Texas Gov. Rick Perry likened Tuesday's special election upset in New York to Virginia Gov. Bob McDonnell's 2009 win, calling them both a harbinger of GOP victories to come.
"Just as the election of Bob McDonnell and [New Jersey Gov.] Chris Christie signaled historic victories coming for us in 2010, last night's victory in New York sent signals that President Obama would be a one-term president," Perry said at a Richmond fundraiser for the Virginia Republican Party. "The voters are getting the message — the voters of New York sure got the message."
McDonnell, who spoke before Perry, is considered a top contender for the vice presidential slot on a GOP ticket. He is widely popular in a swing state President Obama won in 2008 — a Quinnipiac University poll released Wednesday had the governor's approval rating at 61 percent, with just 21 percent of voters disapproving.
The Virginia governor, who took over for Perry as head of the Republican Governors Association when the Texan decided to run for president, had high praise for the governor but stopped short of what would be a key endorsement.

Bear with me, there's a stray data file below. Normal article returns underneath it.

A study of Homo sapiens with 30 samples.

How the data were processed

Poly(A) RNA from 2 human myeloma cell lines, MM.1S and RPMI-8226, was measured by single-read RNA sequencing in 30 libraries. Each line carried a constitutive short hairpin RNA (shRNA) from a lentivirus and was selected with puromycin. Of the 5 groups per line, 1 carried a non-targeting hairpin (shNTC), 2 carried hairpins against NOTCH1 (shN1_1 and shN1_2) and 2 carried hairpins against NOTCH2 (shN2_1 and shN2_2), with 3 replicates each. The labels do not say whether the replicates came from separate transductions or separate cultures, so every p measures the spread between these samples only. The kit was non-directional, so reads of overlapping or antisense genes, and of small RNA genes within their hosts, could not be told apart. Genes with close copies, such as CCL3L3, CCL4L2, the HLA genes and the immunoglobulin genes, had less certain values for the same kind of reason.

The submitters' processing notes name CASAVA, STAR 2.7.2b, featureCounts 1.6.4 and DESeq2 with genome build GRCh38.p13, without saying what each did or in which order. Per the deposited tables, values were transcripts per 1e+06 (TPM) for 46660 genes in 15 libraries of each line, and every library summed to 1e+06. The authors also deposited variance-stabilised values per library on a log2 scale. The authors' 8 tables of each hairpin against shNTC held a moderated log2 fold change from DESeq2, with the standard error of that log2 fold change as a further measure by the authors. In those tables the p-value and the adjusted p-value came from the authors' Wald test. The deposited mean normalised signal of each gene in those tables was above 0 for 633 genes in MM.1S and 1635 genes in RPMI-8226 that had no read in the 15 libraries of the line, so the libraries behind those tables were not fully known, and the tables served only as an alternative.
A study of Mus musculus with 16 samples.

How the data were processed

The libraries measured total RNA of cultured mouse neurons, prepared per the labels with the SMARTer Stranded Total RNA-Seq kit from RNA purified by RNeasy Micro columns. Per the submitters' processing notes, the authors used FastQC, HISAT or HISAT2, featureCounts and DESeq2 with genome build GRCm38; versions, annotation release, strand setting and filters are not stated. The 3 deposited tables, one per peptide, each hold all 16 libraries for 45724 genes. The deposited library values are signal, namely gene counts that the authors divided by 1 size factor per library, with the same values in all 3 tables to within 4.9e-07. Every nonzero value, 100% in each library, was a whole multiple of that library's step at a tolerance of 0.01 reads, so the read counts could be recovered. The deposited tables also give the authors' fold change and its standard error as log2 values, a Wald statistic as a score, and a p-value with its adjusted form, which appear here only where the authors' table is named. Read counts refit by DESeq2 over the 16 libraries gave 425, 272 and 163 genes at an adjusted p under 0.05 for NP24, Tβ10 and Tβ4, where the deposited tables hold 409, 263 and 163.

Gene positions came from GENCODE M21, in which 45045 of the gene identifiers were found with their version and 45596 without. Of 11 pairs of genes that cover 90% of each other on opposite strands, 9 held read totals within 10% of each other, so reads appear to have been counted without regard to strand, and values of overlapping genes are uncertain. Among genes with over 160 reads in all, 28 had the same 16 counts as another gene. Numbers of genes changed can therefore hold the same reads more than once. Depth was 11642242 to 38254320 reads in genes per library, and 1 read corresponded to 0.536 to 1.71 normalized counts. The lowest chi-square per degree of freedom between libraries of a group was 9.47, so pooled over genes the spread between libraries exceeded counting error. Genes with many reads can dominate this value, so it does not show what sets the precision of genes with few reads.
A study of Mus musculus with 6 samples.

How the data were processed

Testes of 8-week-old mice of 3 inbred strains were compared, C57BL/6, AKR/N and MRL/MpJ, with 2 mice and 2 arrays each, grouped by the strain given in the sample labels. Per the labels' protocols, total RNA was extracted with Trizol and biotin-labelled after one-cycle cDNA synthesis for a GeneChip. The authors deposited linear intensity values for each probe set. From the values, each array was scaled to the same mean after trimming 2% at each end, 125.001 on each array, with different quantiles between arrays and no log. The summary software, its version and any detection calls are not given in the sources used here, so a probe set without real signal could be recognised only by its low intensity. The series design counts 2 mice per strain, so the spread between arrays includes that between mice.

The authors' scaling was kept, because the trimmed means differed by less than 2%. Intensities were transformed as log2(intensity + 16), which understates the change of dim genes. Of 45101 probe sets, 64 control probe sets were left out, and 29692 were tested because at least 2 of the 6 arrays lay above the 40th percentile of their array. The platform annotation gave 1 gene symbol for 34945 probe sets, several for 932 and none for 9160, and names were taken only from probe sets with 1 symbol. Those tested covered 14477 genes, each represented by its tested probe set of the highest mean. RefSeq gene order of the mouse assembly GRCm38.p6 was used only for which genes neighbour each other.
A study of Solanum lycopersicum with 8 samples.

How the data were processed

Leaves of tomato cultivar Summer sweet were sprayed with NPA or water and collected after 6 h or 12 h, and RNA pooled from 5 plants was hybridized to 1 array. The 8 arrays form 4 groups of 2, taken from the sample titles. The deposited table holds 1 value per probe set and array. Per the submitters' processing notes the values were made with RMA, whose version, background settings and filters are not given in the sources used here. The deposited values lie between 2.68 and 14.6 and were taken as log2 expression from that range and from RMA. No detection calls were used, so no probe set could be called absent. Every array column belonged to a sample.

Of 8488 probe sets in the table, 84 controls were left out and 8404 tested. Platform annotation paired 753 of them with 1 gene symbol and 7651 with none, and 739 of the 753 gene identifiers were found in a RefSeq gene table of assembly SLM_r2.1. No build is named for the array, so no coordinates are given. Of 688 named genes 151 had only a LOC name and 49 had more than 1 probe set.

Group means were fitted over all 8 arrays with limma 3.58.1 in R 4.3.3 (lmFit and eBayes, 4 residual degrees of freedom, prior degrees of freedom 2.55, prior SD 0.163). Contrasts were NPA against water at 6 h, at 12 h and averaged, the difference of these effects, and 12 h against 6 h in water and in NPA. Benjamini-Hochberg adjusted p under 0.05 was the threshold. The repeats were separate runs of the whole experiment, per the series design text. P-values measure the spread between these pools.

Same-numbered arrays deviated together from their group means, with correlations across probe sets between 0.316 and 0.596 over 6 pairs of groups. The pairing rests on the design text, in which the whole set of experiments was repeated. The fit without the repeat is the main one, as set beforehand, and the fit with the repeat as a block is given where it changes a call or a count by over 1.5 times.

"I just wish I was the most popular governor in my own house," he said. "He’s built Texas into a job-creation machine."
McDonnell said he wants a governor to be the nominee, which could be either Perry or former Massachusetts Gov. Mitt Romney, who has also courted McDonnell.
"While I have not made any endorsement in this race I do believe the governor has the right credentials," McDonnell said.
Perry reciprocated McDonnell's praise. "In Virginia you have the right formula because you have the right leadership," he said. "Bob McDonnell has given the business creators and small-business owners that opportunity."